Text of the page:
What makes a bestselling New Zealand kids book? This list looks at eight of the bestselling kids books and what makes them so popular. Filled with classics and recent gems, everyone should know at least one of the wonderful stories on this list. These are the eight Children’s & YA titles in the running for the NZ Bookshop Day Bestseller of the Decade competition. Vote now for your favourite, and let children’s books reign supreme!
Badjelly the Witch by Spike Milligan (Puffin)
Not your typical fairy tale. The enchanted adventures of Tim and Rose as they attempt to save their cow Lucy from Badjelly the witch. A mouse, an eagle and God step in to save the day. Spike Milligan’s ingenious and unbridled humour bound up with quirky illustrations has charmed so many, and continues to do so. Badjelly is the baddest witch out, and she’s coming for you!
Grandma joins the All Blacks by Helen McKinlay (HarperCollins)
Helen McKinlay brings her signature humour to this endearing tale, which is a sequel to the equally hilarious Grandma’s Week Off. With the help of a bit of marmalade the unconventional Grandma saves our national rugby team. It’s the type of book that gets everyone giggling.
Hairy Mclary from Donaldson’s Dairy by Lynley Dodd (Puffin)
Generations have enjoyed following the adventures of the mixed pedigree protagonist and his gang of canine friends and their encounters with their feline antagonist Scarface Claw. The inventive rhyming story and captivating illustrations makes this an excellent book for reading aloud to your young ones.
Herbert the Brave Sea Dog by Robyn Belton (Potton & Burton)
Tim, his Dad, and his dog, Herbert, are heading to a cottage in Marlborough Sounds by boat when Herbert falls overboard. Based on a true story, this heartwarming book has a timeless, old-fashioned feel to it, with gorgeous full-spread watercolour pages. A gorgeous and emotionally rewarding book, which is a treasure on any bookshelf.
The Little Yellow Digger by Betty and Alan Gilderdale (Scholastic)
Based on a real-life experience for the authors, this book is an enduring Kiwi classic. The beautifully illustrated book works through bigger and bigger tractors getting stuck in the mud before the day is saved by the unlikeliest hero, the eponymous Little Yellow Digger. The rhyme and bright, engaging illustrations make this another excellent book for reading aloud.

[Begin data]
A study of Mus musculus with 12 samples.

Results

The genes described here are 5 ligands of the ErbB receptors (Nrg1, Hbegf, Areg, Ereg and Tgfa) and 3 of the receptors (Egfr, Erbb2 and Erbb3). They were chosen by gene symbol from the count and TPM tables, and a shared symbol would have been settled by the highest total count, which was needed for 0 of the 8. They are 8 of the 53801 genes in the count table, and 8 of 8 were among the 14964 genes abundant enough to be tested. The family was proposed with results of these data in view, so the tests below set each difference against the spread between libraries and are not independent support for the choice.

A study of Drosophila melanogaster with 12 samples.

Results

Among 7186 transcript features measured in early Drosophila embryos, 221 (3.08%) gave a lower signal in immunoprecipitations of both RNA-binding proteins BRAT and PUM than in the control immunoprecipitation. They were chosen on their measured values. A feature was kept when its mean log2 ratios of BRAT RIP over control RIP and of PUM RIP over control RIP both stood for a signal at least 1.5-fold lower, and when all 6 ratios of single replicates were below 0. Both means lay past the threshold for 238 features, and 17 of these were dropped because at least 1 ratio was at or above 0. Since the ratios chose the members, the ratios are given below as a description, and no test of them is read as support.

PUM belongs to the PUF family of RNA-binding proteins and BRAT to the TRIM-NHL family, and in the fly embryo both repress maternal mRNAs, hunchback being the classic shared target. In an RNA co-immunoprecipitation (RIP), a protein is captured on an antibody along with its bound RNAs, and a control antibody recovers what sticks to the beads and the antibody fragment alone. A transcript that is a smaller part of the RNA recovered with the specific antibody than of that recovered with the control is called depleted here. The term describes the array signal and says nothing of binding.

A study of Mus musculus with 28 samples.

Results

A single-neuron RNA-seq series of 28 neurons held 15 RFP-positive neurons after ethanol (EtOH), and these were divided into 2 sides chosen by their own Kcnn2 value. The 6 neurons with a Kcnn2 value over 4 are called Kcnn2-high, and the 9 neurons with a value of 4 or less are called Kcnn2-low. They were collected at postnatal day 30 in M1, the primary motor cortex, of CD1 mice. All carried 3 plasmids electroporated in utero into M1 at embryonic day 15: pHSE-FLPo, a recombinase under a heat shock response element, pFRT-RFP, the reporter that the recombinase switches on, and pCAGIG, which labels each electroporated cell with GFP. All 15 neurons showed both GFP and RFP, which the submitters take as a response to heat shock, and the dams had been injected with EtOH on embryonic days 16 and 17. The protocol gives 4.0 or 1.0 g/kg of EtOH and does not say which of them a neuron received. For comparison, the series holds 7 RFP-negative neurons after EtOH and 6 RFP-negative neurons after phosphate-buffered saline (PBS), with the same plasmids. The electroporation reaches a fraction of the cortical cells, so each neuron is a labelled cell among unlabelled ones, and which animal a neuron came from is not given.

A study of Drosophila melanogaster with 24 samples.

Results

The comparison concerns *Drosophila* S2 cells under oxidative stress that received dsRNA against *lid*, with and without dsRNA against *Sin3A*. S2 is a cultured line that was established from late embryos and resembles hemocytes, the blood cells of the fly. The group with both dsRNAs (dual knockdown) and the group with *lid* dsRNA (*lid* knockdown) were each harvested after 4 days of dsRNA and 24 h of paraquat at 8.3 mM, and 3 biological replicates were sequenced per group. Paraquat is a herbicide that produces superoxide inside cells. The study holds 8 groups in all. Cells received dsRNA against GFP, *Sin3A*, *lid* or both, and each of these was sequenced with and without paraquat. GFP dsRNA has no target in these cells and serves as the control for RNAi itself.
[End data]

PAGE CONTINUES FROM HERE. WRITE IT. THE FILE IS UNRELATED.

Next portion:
Moo and Moo and the Little Calf too by Jane Millton (Allen & Unwin)
This is the story of how two cows and a calf became the faces of the damaging 7.8 magnitude Kaikōura earthquake, the aftermath of which is still being felt. Their story captured the imaginations of Kiwis nationwide and internationally, and this wonderful illustrated picture book highlighted the strength and tenacity of the people of Aotearoa.
The Wonky Donkey by Craig Smith (Scholastic)
A recent surprising and sudden international hit and perennial bestseller locally, this wonderful story is winning everyone over with its classic kiwi humour. If you haven’t already seen the video of the Scottish grandma reading The Wonky Donkey to her grandson, you need to. The captivating and catchy rhyming story is a joy to read aloud, no matter your age.
The 10pm Question by Kate De Gouldi (Longacre Press)
The 10pm Question was the Overall Winner and Young Adult Fiction Award Winner of the New Zealand book awards for Children’s and Young Adults in 2009, as well as People’s Choice winner in the Montana Book Awards. Kate De Goldi subtly deals with momentous life events and the toll of mental illness, while still capturing the heightened anxiety of the main character. This unusual, quirky and thought-provoking book should be on everyone’s must-read list.